Federal trademark protection for cannabis brands

A common misconception has prevented many brands from protecting their intellectual property

There’s a common misconception in the cannabis industry that it is not possible to obtain federal trademark protection for brands. In fact, it is possible, and we are not referencing federal registration for hats and T-shirts which is pretty meaningless unless you are in the clothing business.

So how do we obtain federal trademark protection for cannabis brands in relation to products that actually matter to cannabis businesses?

First, we need to recognize that the federal trademark statute does not prohibit federal trademark registration for cannabis brands, per se. Rather, the statute prohibits federal trademark registration for cannabis brands in connection with cannabis products. What’s the difference?

To illustrate by example, let’s say that you have obtained a federal trademark registration for the hypothetical product name MondoVapePen in relation to non-cannabis vape pens and you have only ever done business in the state of California. Let’s say also that a competitor is using the brand MondoVapePen in relation to cannabis vape pens in New Jersey.

Of course, you would be hard-pressed to find a federal judge that would enforce a federal trademark registration to recover cannabis revenues on their use of MondoVapePen before prohibition ends. However, the day after prohibition ends — that is to say the day after cannabis is no longer scheduled as a prohibited substance — you could show up in federal court and sue your competitor in the hypothetical example above.

If a jury finds that your New Jersey competitor’s cannabis vape pens are within what is called the “zone of expansion” of non-cannabis vape pens, other things being sufficient, that jury can find for trademark infringement.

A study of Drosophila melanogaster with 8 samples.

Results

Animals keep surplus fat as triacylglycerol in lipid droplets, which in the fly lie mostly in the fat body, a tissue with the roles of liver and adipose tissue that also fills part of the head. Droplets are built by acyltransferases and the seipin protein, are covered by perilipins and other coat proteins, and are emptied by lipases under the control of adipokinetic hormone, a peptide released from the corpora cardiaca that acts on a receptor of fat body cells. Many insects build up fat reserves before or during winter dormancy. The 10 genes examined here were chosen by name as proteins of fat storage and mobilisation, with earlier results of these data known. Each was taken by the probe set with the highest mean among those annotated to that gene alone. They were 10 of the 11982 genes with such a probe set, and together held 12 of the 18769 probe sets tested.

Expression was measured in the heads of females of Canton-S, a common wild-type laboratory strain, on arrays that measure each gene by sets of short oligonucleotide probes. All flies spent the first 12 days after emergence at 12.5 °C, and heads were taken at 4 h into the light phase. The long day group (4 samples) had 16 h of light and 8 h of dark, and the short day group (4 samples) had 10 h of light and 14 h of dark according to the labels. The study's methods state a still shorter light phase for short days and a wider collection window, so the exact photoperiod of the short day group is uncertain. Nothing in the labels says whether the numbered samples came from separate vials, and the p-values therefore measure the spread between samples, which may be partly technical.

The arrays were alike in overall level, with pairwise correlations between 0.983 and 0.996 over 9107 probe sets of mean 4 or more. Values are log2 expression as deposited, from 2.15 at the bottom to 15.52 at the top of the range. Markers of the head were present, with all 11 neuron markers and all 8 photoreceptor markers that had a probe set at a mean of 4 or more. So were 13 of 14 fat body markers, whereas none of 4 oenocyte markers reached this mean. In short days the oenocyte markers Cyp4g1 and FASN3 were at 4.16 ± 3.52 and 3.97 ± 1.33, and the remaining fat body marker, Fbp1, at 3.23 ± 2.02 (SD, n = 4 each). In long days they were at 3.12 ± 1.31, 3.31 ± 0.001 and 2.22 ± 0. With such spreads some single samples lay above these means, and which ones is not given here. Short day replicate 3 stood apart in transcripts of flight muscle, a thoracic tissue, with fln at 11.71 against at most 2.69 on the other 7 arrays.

All of this holds true even if your competitor used the product name MondoVapePen in New Jersey before you did.

Let me explain: Under the federal trademark statute, a business can file a federal trademark application for a brand name even before it begins using that name in interstate commerce based on an “intent to use” — the date on which it files its federal application is the determinative date.

In summary, if you file a federal trademark application for MondoVapePen before your competitor and even before you have begun using the mark, when prohibition ends you could sue your competitor in federal court; other things being sufficient, you would win, assuming your trademark attorney has done everything correctly.

The federal application is a highly involved process. For example, it is vital that a trademark attorney be completely up-front about the fact that you sell cannabis products (or intend to) in association with this brand. Otherwise, arguably, you have committed fraud on the U.S. Patent and Trademark Office and another trademark attorney could submit to obtain a cancellation of your trademark registration should it ultimately issue.

This means that it is important for your trademark attorney to articulate the difference between the fact that you are requesting a federal trademark registration for non-cannabis products from the fact that your company also sells or intends to sell cannabis products in association with that same brand.


Tom Zuber is the managing partner of Zuber Lawler & Del Duca LLP, a firm of 40 attorneys with offices in California, Illinois and New York. He holds a law degree from Columbia Law School, a master’s degree in public policy from Harvard University and a biomedical engineering degree from Rutgers University, where he graduated with highest honors. He can be reached at tzuber@zuberlaw.com.

Each month in Leveraging the Law, the attorneys at Zuber Lawler & Del Duca will tackle a new topic that is relevant to the marijuana industry, providing valuable information to help cannabis business owners build and grow their business. Zuber Lawler & Del Duca helps cannabis clients with mergers and acquisitions, intellectual property, regulatory compliance and litigation. These articles are not legal advice. No attorney-client relationship exists with the reader.